UPSC Daily Editorial Analysis | India, 7% plus annual growth, and the realities | GDP Growth Estimate | 07th September 2022


  • The article discusses the quantitative current state of the Indian economy and what has to be done to fulfil India's ambition to become a developed country.


  • GSII: Indian Economy and Essay Paper


  • The Present Status of the Indian Economy:
    • The National Statistical Office’s real GDP growth estimate of 13.5% for the first quarter of 2022-23 is 2.7% points lower than the Reserve Bank of India’s earlier assessment of 16.2%.
      Assuming that the central bank’s estimates of the remaining three quarters of the fiscal year at 6.2% in 2Q, 4.1% in 3Q, and 4% in 4Q are realised, the annual GDP growth using the NSO’s 1Q estimate works out to be 6.7%. Compared to the pre-COVID-19 GDP level of ₹35.5 lakh crore in 1Q of 2019-20, real GDP at ₹36.9 lakh crore shows an increase of only 3.8%.
    • This indicates that the performance of the Indian economy is not fully normalised yet which would be consistent with a growth of 6.5% to 7%. In order at least to reach an annual growth of 7%, GDP may have to grow at about 5% in 3Q and 4Q of 2022-23.
    • Given our desire to achieve developed country status in the next 25 years, the required growth rate is in the range of 8% to 9%. In 2023-24, we must try to achieve a growth rate of 6% to 7%.
  • Composition of growth:
    • Out of the eight Gross Value Added (GVA) sectors, the first quarter growth performance is higher than the average of 12.7% in public administration, defence and other services (26.3%), trade, hotels, transport et al. (25.7%), construction (16.8%), and electricity, gas, water supply et al. (14.7%).
    • Agricultural growth has remained robust, showing a growth of 4.5% in 1Q of 2022-23, which is the highest growth over nine consecutive quarters.
    • Growth in manufacturing, at 4.8%, however, is much below the overall average. A more relevant comparison would be to look at the increase with respect to corresponding output levels in the pre-COVID-19 normal year, that is in 1Q of 2019-20.
    • In this comparison, manufacturing seems to have done better with an increase of 7% in 1Q of 2022-23 while the trade, hotels, transport et al. sector has remained below its pre-COVID-19 level by a margin of minus 15.5%. This was the main contact-intensive sector which suffered the most during COVID-19 and which may show better recovery in succeeding quarters.
    • Construction has also increased by a small margin of 1.2% when compared to its 1Q 2019-20 level.
  • On the demand side,
    • all major segments showed magnitudes in 1Q of 2022-23 that were higher than their corresponding levels in 1Q of 2019-20.
    • Recovery in domestic demand has been reflected in the growth rates of private final consumption expenditure (PFCE), at 25.9%, and gross fixed capital formation (GFCF) at 20.1% over the corresponding quarter of the previous year. As compared to its 1Q 2019-20 level, the GFCF showed a growth of 6.7%.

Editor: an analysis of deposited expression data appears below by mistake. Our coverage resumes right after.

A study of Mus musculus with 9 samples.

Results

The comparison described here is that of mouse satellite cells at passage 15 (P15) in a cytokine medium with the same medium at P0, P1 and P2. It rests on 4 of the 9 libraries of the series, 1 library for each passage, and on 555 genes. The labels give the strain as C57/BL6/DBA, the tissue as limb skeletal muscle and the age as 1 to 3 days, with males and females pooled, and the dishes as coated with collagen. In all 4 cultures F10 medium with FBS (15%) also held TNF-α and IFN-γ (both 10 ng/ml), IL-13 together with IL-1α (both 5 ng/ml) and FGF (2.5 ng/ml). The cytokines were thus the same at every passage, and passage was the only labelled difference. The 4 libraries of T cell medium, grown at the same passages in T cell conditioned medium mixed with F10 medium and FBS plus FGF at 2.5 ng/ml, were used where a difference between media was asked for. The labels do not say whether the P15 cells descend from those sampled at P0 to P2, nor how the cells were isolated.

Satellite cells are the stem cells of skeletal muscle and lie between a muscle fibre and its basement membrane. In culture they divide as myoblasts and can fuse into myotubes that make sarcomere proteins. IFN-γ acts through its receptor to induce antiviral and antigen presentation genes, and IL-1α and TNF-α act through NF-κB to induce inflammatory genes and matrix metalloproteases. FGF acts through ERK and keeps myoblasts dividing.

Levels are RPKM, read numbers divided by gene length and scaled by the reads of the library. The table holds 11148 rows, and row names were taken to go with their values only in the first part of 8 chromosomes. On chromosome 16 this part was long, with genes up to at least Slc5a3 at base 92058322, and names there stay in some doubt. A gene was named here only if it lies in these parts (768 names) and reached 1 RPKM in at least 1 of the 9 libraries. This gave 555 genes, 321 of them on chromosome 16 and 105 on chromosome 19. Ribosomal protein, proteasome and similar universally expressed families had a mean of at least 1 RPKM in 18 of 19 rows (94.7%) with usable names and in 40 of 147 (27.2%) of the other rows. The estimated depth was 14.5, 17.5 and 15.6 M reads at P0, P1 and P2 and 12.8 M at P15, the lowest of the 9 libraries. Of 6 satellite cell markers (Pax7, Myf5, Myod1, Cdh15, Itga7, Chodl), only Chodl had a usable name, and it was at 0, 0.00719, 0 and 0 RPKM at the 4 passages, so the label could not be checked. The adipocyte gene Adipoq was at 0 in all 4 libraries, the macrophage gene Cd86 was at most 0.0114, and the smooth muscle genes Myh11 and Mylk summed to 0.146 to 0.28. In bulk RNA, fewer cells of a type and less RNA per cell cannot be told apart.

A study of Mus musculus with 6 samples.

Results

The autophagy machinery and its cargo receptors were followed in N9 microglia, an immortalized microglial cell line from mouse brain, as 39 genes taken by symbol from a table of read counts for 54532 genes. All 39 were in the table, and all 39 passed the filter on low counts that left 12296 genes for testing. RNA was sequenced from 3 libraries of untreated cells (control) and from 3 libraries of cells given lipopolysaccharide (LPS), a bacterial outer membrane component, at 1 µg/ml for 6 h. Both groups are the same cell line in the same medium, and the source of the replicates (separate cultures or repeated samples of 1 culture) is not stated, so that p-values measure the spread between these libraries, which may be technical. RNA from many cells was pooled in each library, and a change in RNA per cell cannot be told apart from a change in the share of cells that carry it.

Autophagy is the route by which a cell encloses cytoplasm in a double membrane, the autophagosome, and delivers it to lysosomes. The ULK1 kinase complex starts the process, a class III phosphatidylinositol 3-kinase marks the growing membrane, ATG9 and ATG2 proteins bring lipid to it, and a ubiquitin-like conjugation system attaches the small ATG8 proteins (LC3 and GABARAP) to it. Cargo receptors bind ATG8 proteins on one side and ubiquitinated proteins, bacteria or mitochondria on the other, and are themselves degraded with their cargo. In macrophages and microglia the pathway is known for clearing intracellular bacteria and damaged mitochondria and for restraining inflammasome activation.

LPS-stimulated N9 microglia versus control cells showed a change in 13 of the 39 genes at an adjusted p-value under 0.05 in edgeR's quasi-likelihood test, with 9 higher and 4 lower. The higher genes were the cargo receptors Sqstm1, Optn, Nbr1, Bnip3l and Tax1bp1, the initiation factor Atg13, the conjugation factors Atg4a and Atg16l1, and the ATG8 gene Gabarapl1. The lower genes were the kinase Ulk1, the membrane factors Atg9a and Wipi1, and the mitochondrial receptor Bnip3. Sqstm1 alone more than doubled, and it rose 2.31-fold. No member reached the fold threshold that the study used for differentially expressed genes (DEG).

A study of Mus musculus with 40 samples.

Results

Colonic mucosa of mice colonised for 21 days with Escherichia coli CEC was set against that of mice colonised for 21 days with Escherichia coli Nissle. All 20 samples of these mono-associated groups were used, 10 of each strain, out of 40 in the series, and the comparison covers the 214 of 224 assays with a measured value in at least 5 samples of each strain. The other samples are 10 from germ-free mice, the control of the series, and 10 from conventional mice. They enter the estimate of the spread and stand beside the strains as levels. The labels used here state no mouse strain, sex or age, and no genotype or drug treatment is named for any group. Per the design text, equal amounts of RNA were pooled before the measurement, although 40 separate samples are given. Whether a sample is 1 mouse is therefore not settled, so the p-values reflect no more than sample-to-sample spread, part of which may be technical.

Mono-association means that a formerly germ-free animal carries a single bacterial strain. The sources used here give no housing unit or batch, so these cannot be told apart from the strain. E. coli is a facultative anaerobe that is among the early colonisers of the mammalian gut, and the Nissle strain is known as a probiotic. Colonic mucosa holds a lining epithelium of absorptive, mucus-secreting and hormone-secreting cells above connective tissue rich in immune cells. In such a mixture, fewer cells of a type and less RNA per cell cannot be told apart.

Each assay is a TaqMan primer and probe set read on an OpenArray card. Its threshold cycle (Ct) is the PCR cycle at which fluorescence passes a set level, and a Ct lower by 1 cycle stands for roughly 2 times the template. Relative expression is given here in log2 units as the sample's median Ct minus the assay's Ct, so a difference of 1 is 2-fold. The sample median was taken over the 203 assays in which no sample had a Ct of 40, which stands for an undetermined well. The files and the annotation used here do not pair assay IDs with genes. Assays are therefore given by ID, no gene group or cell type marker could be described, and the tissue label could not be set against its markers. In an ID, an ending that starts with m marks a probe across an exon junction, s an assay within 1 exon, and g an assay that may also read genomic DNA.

• The ratio of gross fixed capital formation to GDP at current prices is 29.2% in 1Q of 2022-23 which is 1% point higher than the investment rate of 28.2% in the corresponding quarter of the previous year.
  • Exports-Imports:
    • The contribution of net exports to real GDP growth is negative at minus 6.2% points in 1Q of 2022-23 since import growth continues to exceed export growth by a tangible margin. Such an adverse contribution of net exports to real GDP growth is an all-time high for the 2011-12 base series.
    • It is likely that import growth will continue to exceed export growth in the next few quarters, both in real and nominal terms, considering prevailing high global prices of petroleum products and other intermediate inputs and India’s growing demand for importing intermediate goods with a view to boosting ‘Make in India’.
  • What should be done?
    • The Indian economy may still show a 7% plus growth in 2022-23 provided it performs better in the subsequent quarters, particularly in the last two.
    • Two important areas of policy support for this purpose would be to
      • further increase the investment rate and
      • to reduce the magnitude of negative contribution of net exports.
    • As seen in 1Q of 2022-23, GVA growth has been led by public administration, defence, and other services, with a growth of 26.3%. This has been driven by the central government’s frontloading of capital expenditure. The Centre’s capital expenditure grew by 62.5% during the first four months of 2022-23. This momentum needs to be maintained.
      With buoyant tax revenue growth, fiscal policy may strongly support GDP growth without making any significant sacrifice on the budgeted fiscal deficit target.
    • Raise investment rate: The key to growth lies in raising the investment rate. Public capital expenditure has shown a rise. In crisis years, it is particularly good.
    • It can crowd in private capital expenditure. But this cannot be normal. Private capital expenditures, both corporate and non-corporate, must rise.
  • Way Forward:
    • The international environment for growth is bleak. Developed countries even fear a recession. India’s growth path in the next few years must depend on domestic investment picking up. Sector-wise growth in investment must be the focus of policymakers in removing bottlenecks and creating a favourable climate.